Former Democratic Vermont Gov. Howard Dean on Wednesday praised the White House's decision to delay by one year the enforcement of a rule that requires larger employees to provide health insurance for their workers. It is a key provision of President Barack Obama's health-care reform law.
"I think this is a good thing," he said on CNBC's "Squawk Box," because he prefers fewer mandates and the delay will help the Obama administration "get their house into order" to implement a very large and complex system.
In addition, Dean said, "What I think will happen, the unintended consequences for everybody ... is more people will migrate out of employer-based health insurance, into the exchanges." That refers to the planned government-run online marketplaces designed to help people buy health insurance from private health care providers.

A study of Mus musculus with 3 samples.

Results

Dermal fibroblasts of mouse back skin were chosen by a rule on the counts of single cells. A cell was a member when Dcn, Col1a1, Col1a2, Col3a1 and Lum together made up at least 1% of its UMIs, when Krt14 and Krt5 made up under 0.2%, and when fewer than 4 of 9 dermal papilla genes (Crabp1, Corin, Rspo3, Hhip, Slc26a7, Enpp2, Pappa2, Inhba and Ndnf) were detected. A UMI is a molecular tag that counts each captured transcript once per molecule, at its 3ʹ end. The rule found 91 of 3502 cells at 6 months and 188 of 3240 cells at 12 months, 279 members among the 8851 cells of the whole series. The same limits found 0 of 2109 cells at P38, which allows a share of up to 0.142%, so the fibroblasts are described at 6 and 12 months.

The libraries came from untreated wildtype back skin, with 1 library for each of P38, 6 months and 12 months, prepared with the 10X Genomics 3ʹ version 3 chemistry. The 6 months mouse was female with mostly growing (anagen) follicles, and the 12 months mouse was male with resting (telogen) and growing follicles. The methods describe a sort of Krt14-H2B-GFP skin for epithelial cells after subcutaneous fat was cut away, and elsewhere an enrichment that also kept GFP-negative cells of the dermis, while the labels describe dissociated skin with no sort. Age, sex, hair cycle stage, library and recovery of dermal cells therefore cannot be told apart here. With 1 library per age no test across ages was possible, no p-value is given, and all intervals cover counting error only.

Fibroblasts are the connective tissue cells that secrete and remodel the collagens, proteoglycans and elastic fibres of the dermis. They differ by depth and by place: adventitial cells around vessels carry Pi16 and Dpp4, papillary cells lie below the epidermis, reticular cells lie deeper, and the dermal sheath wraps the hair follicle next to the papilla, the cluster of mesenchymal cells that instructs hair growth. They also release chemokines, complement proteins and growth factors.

(Read More: Crucial Rule Is Delayed for Obama's Health-Care Law)
He said migrating to insurance exchanges is good in the long run because "I've always believed that you've got to divorce employment from health insurance in this country for a large number of reasons."
Dean argued that because health care has gotten "so expensive over so long—three times the rate of inflation for nearly 30 consecutive years—employers are either cutting back or reducing benefits or not giving health insurance at all,"
A long-term move away from employer-funded health care would help reduce costs and "get the monkey off the back of the business community."
Large employers will probably continue to offer health insurance "for a while," Dean predicted, because the benefit helps attract and retain employees. Health insurance gives a big employer a "competitive advantage getting the kind of employees they want," he said.